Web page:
André Hemer is a painter whose work explores the intersections between digital media and painting. His works embrace and reveal the transformations and transactions occurring between the contemporary digital image, and the traditional painting object. He has exhibited widely internationally and his work is on the cover the recent Thames & Hudson book 100 Painters of Tomorrow with a work we sold at Sydney Contemporary 2013.
André Hemer completed a PhD in Fine Arts at the University of Sydney in early 2014.
Anne Noble has been described as a “most subtle and poetic of practitioners” producing work that is “strangely arresting and almost always profoundly moving”. A highly acclaimed senior artist, her newest work investigates the honeybee and its place in our world, taking us beyond what might normally seen in a photographic image. We are pleased to be giving this significant new series its first outing in Australia.
Anne Noble is Distinguished Professor of Fine Arts (Photography) at Massey University, Wellington and is the recipient of numerous awards.
Concern with colour, form and how painting operates in space when freed of its traditional support on canvas and stretcher is at the heart of Helen Calder’s practice. Her three-dimensional paintings push the limits of her medium to adopt the terrain of sculpture.
Helen Calder has a Master of Fine Arts from the University of Canterbury and been exhibiting regularly since 2003.
MARIE LE LIEVRE
Marie Le Lievre’s painting plays on the border of abstraction and figuration. Described as having an “extraordinary ability to manipulate liquid paint into mesmerising sensual surfaces”, she is interested in slippage and corrupting any notion of purity in genre. She paints in oil on canvas with great understanding of this ancient medium’s tactility, tone, depth and power of evocation.
Marie Le Lievre has a Master of Fine Arts with distinction from the University of Canterbury, and has exhibited widely in New Zealand and in Australia, Japan and France.
Judy Millar is one of New Zealand’s most highly regarded and internationally successful artists. She has participated twice in the Venice Biennale, the global art world’s most prestigious event, representing New Zealand in 2009. Much has been written about the Millar gesture — its bold, expansive, assured form swirling across her chosen surface whether canvas, paper or vinyl or, sometimes even taking painting off the wall and into sculptural form.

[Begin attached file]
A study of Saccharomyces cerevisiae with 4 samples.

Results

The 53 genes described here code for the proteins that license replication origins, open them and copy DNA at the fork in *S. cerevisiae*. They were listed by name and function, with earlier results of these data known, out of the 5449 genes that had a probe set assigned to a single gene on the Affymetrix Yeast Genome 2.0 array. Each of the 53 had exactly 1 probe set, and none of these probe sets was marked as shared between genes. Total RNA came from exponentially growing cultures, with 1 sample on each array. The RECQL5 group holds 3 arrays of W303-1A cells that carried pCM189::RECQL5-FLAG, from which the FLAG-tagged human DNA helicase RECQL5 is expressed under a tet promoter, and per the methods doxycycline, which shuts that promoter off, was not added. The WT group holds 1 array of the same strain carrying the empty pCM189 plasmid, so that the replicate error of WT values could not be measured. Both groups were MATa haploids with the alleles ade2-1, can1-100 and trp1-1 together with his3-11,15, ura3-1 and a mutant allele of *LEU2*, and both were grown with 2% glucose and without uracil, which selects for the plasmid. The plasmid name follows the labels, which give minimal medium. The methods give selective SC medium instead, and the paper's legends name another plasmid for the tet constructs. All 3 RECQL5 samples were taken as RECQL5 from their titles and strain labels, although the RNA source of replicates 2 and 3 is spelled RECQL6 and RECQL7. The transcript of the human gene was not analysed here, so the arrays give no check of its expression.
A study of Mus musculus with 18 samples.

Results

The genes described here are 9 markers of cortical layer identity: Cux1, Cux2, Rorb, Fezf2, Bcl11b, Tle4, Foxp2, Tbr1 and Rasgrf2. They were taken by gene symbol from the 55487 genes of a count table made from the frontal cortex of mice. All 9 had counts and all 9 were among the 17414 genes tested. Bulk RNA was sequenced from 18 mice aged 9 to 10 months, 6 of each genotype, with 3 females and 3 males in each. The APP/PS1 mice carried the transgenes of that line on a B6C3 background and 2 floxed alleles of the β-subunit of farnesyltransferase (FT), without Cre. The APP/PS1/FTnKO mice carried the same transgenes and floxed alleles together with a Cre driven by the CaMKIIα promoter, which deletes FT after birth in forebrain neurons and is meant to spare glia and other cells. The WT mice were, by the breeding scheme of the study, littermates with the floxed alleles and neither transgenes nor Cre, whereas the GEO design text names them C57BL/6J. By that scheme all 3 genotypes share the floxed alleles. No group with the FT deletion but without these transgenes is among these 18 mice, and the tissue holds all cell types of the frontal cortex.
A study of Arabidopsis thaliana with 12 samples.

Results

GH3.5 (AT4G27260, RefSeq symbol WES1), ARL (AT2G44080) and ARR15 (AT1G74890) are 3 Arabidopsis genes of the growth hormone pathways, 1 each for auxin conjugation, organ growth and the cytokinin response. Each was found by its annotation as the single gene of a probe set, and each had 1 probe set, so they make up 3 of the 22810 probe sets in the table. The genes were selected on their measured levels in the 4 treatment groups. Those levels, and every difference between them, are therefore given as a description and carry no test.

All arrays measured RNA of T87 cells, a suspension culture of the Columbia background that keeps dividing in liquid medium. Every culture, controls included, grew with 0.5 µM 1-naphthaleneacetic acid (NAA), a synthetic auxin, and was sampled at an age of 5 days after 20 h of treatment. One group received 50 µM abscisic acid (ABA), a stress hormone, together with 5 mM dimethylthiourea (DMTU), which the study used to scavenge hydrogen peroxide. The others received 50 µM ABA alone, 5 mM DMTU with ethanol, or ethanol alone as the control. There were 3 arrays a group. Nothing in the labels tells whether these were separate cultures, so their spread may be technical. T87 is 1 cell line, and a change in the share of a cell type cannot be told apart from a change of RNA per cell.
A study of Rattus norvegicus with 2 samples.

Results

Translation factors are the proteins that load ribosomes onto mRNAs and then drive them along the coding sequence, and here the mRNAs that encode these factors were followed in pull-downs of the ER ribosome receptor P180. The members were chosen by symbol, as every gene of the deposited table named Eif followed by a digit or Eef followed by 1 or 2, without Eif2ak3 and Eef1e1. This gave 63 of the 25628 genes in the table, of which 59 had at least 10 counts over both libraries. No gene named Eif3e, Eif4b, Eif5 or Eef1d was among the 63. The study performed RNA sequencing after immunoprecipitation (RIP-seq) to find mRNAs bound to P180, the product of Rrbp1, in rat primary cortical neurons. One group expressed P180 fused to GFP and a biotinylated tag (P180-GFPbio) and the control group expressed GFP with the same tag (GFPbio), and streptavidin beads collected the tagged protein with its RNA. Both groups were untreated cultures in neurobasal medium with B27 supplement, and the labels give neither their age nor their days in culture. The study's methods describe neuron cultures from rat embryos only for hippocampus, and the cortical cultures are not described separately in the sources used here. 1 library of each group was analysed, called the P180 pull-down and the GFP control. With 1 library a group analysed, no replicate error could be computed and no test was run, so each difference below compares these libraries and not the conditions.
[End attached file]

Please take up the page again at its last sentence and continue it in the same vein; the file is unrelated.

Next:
Judy Millar has an MFA from the University of Auckland and lives between Auckland and Berlin.
Mary-Louise Browne is a sculptor of words. She explores the metaphoric, material and visual qualities of language in a range of media including neon, granite, glass, metal, canvas, leather and paper. There is a delight in the double entendre and the clash of media and meaning and high art and the sign writer’s craft.
Mary-Louise Browne graduated with a Master of Fine Arts from the University of Auckland. In addition to exhibiting, she has produced several major public art works.
Drawing and sculpture are entwined in Peter Trevelyan’s practice. Tiny 0.5mm graphite mechanical pencil leads are joined together to create “astonishing” sculptures that may also be seen as built drawings, covering a diverse range of geometrically simple and complex structures varying in scale from tiny to huge. In 2014, Christchurch Art Gallery purchased a large six-meter work.
Peter Trevelyan has a doctorate in Fine Arts from Massey University Wellington. He been exhibiting since 2000 and has built up an impressive exhibition history, particularly in the public sector.